Sunday, August 21, 2016

Afternoon at Cherry Creek Reservoir

August 20, 2016

Richard Stevens:

Temperatures were in the low 70s, winds 6 mph when I arrived at Cherry Creek Reservoir (Arapahoe County).  Chores would have to wait.  I spent three hours walking from the Lake Loop to the Cottonwood Creek Wetlands. 

It was cool enough that I could wear long pants, a jacket and old hiking boots as I bushwhacked through the willows trying to stay as close to the shore as possible.  I thought the jacket was not needed until reaching the Prairie Loop.  The jacket provided some protection from the hordes of mosquitoes.

While most of the birds reported by Glenn Walbek earlier in the day were not relocated, a few nice birds were encountered.

In order of "appearance", a Northern Waterthrush walked along the little inlet canal just east of the Lake Loop.  Several Yellow Warblers, a pair of Wilson's Warblers and a Lincoln's Sparrow were also here.

Just west of halfway between the Lake Loop and the Prairie Loop a Nashville Warbler was fluttering about the short willows 15 feet from the lake.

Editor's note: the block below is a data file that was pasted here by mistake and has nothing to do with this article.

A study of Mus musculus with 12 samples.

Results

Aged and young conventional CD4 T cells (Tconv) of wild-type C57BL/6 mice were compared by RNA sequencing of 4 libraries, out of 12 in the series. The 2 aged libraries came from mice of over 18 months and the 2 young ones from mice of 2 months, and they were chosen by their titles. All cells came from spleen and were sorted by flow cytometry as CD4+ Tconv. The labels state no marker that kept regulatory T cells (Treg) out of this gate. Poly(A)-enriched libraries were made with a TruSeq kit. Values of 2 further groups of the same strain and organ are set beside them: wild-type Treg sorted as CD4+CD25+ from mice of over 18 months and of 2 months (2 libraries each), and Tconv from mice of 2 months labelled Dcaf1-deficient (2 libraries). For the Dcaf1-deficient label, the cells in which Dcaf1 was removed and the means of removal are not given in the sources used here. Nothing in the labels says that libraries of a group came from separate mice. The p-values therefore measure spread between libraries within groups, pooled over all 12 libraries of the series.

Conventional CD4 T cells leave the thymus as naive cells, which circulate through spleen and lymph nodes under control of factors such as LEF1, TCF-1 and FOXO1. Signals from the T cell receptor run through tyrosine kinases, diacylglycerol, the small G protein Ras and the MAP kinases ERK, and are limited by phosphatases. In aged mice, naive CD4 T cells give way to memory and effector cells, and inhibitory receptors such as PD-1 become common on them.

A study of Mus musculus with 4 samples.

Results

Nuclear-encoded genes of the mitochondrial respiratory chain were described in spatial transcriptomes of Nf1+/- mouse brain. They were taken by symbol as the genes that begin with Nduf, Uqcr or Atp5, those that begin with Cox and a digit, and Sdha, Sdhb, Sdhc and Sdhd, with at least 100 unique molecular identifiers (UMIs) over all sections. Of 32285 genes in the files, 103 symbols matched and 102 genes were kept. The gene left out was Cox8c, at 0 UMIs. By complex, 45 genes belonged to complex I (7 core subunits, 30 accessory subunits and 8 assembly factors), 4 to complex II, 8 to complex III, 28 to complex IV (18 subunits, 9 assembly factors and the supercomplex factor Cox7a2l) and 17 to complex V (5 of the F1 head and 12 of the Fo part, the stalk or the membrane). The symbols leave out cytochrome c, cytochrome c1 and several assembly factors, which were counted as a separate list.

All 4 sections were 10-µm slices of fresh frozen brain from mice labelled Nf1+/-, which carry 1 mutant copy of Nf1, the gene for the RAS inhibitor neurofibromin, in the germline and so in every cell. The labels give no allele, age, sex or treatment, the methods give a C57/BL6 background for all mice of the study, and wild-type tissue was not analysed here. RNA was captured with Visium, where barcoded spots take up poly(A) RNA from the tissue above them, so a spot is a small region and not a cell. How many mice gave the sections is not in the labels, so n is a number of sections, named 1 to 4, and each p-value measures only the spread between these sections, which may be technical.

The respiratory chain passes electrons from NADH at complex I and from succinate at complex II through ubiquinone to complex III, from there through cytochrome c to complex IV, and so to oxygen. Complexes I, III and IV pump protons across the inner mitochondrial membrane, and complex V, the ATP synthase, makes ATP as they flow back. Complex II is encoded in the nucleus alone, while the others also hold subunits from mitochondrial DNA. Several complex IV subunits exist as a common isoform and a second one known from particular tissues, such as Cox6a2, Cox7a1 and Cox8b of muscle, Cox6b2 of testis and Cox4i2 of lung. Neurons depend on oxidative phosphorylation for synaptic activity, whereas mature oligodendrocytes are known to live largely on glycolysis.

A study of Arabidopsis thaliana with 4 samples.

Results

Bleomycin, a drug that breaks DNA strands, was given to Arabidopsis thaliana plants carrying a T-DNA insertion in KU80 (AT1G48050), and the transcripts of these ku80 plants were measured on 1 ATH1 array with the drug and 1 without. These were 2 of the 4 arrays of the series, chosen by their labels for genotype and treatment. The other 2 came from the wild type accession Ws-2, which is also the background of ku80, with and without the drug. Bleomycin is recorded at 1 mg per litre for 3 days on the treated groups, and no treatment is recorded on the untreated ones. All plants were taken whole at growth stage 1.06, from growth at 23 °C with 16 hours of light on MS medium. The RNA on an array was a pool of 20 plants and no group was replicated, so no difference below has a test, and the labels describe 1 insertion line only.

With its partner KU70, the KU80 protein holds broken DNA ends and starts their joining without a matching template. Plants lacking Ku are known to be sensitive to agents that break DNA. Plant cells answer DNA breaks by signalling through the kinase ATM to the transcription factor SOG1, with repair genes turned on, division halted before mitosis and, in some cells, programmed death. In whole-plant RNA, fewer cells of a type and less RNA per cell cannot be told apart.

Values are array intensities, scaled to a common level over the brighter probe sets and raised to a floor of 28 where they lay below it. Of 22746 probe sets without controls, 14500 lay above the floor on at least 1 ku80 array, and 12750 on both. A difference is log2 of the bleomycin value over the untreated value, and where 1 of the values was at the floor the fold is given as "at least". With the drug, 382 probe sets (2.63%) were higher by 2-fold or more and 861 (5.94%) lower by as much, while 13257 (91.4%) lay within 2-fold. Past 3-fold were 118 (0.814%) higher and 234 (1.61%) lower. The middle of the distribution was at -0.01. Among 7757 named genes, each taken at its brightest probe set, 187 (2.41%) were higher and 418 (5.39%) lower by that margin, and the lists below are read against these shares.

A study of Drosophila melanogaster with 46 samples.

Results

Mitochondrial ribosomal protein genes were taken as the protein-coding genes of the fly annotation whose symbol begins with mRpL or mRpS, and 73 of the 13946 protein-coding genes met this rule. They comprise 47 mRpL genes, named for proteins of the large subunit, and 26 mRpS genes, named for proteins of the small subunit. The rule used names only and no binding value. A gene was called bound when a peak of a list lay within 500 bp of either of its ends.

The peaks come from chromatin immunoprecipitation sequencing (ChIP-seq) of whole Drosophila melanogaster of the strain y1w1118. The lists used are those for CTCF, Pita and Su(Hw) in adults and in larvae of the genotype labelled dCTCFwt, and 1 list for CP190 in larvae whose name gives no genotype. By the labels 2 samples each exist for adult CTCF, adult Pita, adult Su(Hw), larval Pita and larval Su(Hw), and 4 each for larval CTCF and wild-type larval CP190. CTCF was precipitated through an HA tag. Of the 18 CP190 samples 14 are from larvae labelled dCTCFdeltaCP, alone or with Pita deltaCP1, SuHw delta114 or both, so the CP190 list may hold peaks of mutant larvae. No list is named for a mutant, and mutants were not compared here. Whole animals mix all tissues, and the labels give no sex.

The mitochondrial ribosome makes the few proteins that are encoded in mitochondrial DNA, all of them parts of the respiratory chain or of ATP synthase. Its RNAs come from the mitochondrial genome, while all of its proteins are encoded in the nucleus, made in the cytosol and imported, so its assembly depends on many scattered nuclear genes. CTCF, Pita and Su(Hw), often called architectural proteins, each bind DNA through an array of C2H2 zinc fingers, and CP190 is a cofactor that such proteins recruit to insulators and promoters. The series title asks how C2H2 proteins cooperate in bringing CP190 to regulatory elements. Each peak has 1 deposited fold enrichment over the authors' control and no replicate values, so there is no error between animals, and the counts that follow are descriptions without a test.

Just east of halfway from the two loops a Long-eared Owl was almost "well hidden" in the thick bushes.

Many additional Yellow Warblers, another pair of Wilson's Warblers, and six Black-capped Chickadees were seen between the two loops.

While standing at the Cherry Creek inlet east of the Prairie Loop, where the washed out footbridge once was, I was surrounded by 28 Black-capped Chickadees!  A Clay-colored Sparrow was on the eastern bank.  Three House Wrens chattered from the low willows along the path.

At the Cottonwood Wetlands area, I was able to find a Least Sandpiper, two Western Wood-pewees, a Willow Flycatcher and a Gray Flycatcher.  The Ovenbirds and Indigo Bunting were not seen.

On the trip back to the Lake Loop (by way of the paved path), another Western Wood-pewee and two Western Tanagers were encountered.

A Townsend's Warbler flew around the cottonwoods on the west side of the Lake Loop.

I was thinking that no Western Kingbirds were around when one popped up from the Rabbit brush in the center of the Lake Loop.  Then another and another, the final count was 18.

Many Lark Sparrows and Chipping Sparrows were along the north side of the Lake Loop.

Time ran out before I could walk to the Bellvue wetlands, which will have to wait for another time.